Jimi Bani and JasonKlarwein. Photo by David Kelly.
Shakespeare’s Othello, adapted by Jimi Bani and Jason Klarwein, will premiere as part of this year’s Cairns Indigenous Art Fair (CIAF) from Monday 16 to Saturday 21 August at Bulmba-ja.
This tri-lingual (Kala Lagaw Ya, Yumpla Tok and English) production is set between Cairns and the Torres Strait, illuminating the vital role of the Torres Strait Light Infantry Battalion during World War II. More than 800 Torres Strait Islander men volunteered to protect the northern tip of Australia and this setting inspired the adaptation.
For co-creator and lead actor Jimi Bani (My Name is Jimi, Our Town), staging Othello at CIAF is a chance to share the stories of his family, while fulfilling a long-held career aspiration.
“Othello is the role I have been wanting to play since studying and graduating from the Western Australian Academy of Performing Arts in 2007 — it’s always been my dream and I’m so grateful that the opportunity has finally come!
“It’s fitting that we set this version in wartime 1942 in the Torres Strait. My grandfather, the late Solomon Gela and my great grandfather, the late Ephraim Bani Snr both enlisted — as did all able-bodied Torres Strait Islander men. I grew up on Thursday Island and had the privilege of hearing their war stories, and I continue to carry all these men and women in my heart.”
Jimi will be joined by Emily Burton as Desdemona, Benjin Maza as Cassio, Andrew Buchanan as Iago, Majeda Beatty as Bianca and Eugene Gilfedder as Brabantio. Casting also includes Matt McInally as Rodorigo, Sarah Ogden as Emilia and Kevin Hides as the Lieutenant Colonel.
As audiences would expect from a Jimi Bani production, family is always integral to the experience, and his brothers complete the company — Richard Bani as Montano, with Conwell and Gabriel Bani as soldiers/dancers.
Director Jason Klarwein (dir. My Name Is Jimi, Death of a Salesman) has relished collaborating with Jimi again, finding Othello the ideal play to connect with the unique story of the Torres Strait Light Infantry Battalion.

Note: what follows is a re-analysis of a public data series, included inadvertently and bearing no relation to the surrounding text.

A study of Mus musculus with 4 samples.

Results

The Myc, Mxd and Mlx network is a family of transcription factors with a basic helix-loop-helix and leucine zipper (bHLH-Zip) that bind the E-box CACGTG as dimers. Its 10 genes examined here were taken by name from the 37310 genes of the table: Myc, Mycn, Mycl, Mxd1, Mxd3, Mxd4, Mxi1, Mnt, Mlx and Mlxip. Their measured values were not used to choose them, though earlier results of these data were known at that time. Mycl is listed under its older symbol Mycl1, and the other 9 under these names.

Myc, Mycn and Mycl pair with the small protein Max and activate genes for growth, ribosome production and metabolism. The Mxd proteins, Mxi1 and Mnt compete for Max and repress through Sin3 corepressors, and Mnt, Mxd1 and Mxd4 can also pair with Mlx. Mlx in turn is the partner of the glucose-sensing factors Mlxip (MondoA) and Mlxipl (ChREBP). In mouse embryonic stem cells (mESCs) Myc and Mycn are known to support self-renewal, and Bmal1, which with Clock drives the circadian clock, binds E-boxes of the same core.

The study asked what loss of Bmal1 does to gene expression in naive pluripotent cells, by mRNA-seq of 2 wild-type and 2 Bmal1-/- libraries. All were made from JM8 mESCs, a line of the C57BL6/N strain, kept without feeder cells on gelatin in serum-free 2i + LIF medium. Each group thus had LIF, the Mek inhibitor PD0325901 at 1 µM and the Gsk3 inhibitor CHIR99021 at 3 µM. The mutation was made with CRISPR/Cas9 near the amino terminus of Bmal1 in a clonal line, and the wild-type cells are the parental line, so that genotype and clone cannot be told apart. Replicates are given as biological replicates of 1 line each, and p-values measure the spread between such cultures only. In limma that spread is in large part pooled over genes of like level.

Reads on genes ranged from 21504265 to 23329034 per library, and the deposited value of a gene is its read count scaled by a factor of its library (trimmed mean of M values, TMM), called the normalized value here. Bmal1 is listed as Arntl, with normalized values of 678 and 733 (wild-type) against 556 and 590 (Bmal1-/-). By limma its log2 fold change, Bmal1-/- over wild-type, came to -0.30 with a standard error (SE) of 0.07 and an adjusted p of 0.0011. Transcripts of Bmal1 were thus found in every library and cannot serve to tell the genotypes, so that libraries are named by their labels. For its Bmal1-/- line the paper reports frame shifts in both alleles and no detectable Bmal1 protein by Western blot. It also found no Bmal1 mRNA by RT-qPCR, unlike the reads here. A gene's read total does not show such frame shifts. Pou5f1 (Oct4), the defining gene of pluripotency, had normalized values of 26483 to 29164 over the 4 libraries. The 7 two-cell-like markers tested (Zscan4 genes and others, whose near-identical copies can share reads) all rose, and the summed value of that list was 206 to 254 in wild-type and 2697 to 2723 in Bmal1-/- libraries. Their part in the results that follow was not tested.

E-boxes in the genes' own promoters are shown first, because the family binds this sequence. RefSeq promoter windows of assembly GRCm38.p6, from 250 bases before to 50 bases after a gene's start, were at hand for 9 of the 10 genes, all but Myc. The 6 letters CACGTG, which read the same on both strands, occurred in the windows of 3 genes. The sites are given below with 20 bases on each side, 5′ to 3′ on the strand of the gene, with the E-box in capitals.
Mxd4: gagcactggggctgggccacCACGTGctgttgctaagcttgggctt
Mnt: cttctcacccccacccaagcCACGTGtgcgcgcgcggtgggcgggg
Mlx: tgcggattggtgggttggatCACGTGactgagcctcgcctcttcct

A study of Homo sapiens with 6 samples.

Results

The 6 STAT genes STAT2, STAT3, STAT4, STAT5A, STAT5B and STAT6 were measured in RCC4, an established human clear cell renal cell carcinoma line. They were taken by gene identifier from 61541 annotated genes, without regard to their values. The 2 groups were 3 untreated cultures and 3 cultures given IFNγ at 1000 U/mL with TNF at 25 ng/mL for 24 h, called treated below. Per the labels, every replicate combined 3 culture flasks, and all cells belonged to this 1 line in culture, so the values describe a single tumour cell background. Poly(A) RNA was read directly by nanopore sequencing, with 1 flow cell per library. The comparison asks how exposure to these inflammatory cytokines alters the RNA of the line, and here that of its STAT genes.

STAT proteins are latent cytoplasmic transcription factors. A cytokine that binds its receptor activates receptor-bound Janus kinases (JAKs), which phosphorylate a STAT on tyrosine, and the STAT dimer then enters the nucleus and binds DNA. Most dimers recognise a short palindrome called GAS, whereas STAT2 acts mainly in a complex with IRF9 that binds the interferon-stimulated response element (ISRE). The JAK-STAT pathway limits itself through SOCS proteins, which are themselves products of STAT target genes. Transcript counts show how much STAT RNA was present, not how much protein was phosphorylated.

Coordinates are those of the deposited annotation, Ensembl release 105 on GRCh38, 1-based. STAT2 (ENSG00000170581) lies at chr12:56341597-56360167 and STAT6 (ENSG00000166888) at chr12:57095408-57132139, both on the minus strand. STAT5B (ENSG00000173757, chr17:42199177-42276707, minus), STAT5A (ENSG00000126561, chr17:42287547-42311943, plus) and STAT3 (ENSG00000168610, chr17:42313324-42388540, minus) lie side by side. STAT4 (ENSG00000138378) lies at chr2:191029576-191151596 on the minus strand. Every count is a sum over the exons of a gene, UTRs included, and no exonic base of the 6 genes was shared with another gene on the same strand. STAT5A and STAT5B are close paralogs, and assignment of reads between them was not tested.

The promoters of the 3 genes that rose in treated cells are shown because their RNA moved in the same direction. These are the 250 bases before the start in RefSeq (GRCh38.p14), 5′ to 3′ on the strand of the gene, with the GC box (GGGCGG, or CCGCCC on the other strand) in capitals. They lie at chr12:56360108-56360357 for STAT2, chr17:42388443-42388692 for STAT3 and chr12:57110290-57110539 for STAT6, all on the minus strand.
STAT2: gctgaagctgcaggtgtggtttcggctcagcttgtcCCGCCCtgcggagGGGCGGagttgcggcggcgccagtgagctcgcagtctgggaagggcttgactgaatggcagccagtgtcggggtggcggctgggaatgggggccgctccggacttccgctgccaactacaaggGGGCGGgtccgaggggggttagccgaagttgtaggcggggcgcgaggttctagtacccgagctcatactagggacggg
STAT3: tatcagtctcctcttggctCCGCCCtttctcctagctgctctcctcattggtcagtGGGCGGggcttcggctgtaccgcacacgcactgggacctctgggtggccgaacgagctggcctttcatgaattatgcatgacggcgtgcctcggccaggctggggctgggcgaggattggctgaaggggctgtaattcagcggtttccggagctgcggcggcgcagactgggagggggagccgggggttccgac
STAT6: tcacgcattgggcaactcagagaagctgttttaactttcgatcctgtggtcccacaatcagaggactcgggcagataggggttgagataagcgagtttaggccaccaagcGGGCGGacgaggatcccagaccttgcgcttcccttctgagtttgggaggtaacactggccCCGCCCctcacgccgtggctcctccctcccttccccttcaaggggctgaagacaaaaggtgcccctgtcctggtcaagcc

“Jimi and I have a strong professional relationship after creating My Name Is Jimi with his father, the late Adhi Dimple Bani. I am very blessed to be able to further our connection through promoting and preserving the languages and culture distinct to Torres Strait Islander peoples,” he said.
“Many people know about the bombings of Darwin during the war, but not many know the story of Horn Island and the straits, which were bombed more than 500 times. This had a huge cultural impact on Far North Queensland, for not only First Nations peoples, but all people living there. This era of change and danger makes a perfect platform from which to begin the tragic twists and turns of Othello.”
Lee Lewis, Artistic Director of Queensland Theatre, is excited to premiere Othello in North Queensland, the first Company production to debut outside of Brisbane since 2017.
“Jimi Bani is one of the true treasures of Australian theatre. It was such a joy to see audiences captivated by his incredible presence in Our Town earlier this year. I can’t wait for CIAF audiences to be first to see him in this new, deeply personal production of Othello,” Ms Lewis said.
Premiering work in centres other than Brisbane is essential for us as the state theatre company, and we are so pleased that our partnership with CIAF allows us to do just that.”
Janina Harding, Artistic Director of Cairns Indigenous Art Fair sees Othello as adding an important and thought-provoking perspective to the CIAF experience this year.
“For CIAF to premiere this provocative interpretation of Othello is a perfect fit for today’s social climate, as it addresses issues of ‘othering’ and racism. I look forward to CIAF audiences gaining new insights, whilst being entertained by the brilliant Torres Strait Islander-led cast.”